By Dindin Reyes on September 9, 2015
Graduate college, become an Account Manager in an advertising agency, work at a flower shop, wait tables.
It definitely does not sound like the most glamorous career trajectory, but for many Filipinos who move go abroad and start from nothing, this is what their resume will probably look like.
Halima Altaie, or Hallsy to her friends, graduated from Ateneo de Manila University in 2011. Like many of the people in her course, AB Communication , she went on to work in an advertising agency as an account manager. If she had stayed in the Philippines, Hallsy might probably still be working in the same field. Over the four years since graduating, she would've earned enough experience to climb up the pay grade and maybe even get a more senior position. Instead, Hallsy moved to San Diego in April of 2012, only a year after graduating and starting her advertising job.
Hallsy revealed that the process of finding her bearings in a new place involved eating her pride.
"When I moved to San Diego, I didn't really know anyone. Nobody knew or cared about where I graduated from," she said.
"I don't think any of the companies I applied for took me seriously because my work experience and education were from places they haven't heard of or would be a hassle to verify.”
Filipina Blues in America
For many people in her position, this is the part where the reality of having zero connections will force you to take jobs you never thought you would. It seems like a bleak move, but that's why they call it "starting from zero." For a while, Hallsy worked in a flower shop, a farmers market, and a restaurant, all at the same time. Paid by the hour, Hallsy juggled jobs and work on the weekends — the same things people around her did to chase their American dreams.
“People are so absorbed with work and almost everyone I know just let their work swallow them whole. For a lot of us, our day mostly consists of work, eat, sleep, repeat."
She described this transition period with complete openness saying, in America, people are “not as family- and values-oriented — (they are) more focused on efficiency and results. Almost everyone I know that moved from the Philippines had some phase of depression moving here."
Despite the blues, bills still had to be paid and she still had to eat, so she had to work through it, depression and all. A self-aware millenmial, Hallsy was frank about what it was like.
"Take note, I was no supervisor or manager and by no means did I have a spot in anything corporate. I was at the bottom of the food chain. I was a cashier and server for a restaurant and one of our regular customers was asking why I was working for a restaurant if I was once an account manager for an ad agency in the Philippines. I said no one would hire me.”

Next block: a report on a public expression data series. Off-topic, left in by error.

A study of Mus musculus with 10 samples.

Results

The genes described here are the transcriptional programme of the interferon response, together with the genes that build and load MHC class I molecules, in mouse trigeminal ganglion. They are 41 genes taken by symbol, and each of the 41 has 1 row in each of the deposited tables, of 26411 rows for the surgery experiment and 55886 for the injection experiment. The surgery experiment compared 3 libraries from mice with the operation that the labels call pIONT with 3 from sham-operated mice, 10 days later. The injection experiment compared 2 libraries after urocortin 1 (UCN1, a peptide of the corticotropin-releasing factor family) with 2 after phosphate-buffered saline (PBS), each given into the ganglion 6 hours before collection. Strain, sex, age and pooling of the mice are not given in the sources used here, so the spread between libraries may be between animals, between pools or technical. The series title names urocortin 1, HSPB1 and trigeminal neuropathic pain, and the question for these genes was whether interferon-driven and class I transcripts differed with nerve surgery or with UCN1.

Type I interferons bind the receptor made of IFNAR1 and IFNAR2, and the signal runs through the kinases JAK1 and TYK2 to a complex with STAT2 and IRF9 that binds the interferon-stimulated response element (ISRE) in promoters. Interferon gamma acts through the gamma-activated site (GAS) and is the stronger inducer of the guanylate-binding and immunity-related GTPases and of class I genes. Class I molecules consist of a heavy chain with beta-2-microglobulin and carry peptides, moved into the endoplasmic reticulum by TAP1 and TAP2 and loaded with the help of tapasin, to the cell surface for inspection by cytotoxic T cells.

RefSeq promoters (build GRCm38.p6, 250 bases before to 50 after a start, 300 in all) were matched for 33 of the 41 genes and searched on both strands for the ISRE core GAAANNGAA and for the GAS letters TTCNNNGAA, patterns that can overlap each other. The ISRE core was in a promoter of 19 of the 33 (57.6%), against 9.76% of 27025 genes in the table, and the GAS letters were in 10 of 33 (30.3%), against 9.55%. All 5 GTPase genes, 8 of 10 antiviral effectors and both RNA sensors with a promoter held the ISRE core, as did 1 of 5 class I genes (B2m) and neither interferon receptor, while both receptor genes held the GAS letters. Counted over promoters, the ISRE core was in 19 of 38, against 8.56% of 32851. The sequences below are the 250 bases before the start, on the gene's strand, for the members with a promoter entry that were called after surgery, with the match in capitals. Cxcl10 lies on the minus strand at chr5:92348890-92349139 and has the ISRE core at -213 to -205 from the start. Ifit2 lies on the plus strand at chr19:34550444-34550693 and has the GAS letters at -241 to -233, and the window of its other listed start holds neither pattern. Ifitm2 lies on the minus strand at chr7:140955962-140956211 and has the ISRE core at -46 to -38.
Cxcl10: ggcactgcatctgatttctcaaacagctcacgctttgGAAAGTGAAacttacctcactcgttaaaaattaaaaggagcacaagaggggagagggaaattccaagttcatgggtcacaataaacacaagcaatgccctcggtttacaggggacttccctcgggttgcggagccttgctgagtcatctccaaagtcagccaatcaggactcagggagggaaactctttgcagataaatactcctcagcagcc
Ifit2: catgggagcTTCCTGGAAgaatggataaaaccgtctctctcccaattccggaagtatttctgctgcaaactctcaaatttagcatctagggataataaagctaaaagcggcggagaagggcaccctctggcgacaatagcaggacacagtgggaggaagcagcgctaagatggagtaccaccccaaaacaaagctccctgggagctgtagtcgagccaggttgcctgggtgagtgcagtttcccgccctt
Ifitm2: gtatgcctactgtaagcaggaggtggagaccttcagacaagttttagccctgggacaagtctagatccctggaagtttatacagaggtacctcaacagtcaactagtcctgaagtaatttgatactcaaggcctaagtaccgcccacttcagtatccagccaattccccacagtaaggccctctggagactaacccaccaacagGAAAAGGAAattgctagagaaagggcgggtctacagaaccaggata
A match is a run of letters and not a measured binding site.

Serendipity struck soon, however, and someone eventually did hire her. The same person who asked Hallsy why she was working in a restaurant despite her ad stint offered her a job in his company and she grabbed the chance. Next thing she knows, she’s been working as a Senior Project Manager for three years in SlideGenius, a company owned by the man’s business partner. After forging through and dedicating herself to making ends meet, she now finds herself in a workplace she loves. "I'm surrounded by the best co workers I could ask for. The company is all about hard-working and determined creative minds."
'It forces you to grow up'
Still, Hallsy is just as honest about the good things moving away from home has brought. “It forces you to grow up. It's not as family-oriented and you can't depend on your parents anymore to save you or house you. You have to be responsible for yourself. I like that moving here gave me the ability to support and learn to fend for myself.”
It also doesn’t hurt that the pay is excellent.
"I won't hold back, one of the best things of working here is the pay," she beamed. "Here, people don't see it as grand. But compared to working in the Philippines, it's a huge jump. What I made in the Philippines in a month, I made here in about 3 days.”
Moving to the US may not be for everyone and if you are moving, it will surely be a test just like Hallsy’s experience was. The bright side comes in the form of the sweet personal victory in finding you've successfully settled in a place you once considered alien territory.
"I'm happy with where I am at now," said Hallsy. "Reaching success starting from the bottom, of not knowing anyone, and no one caring about where you graduated from is fulfilling."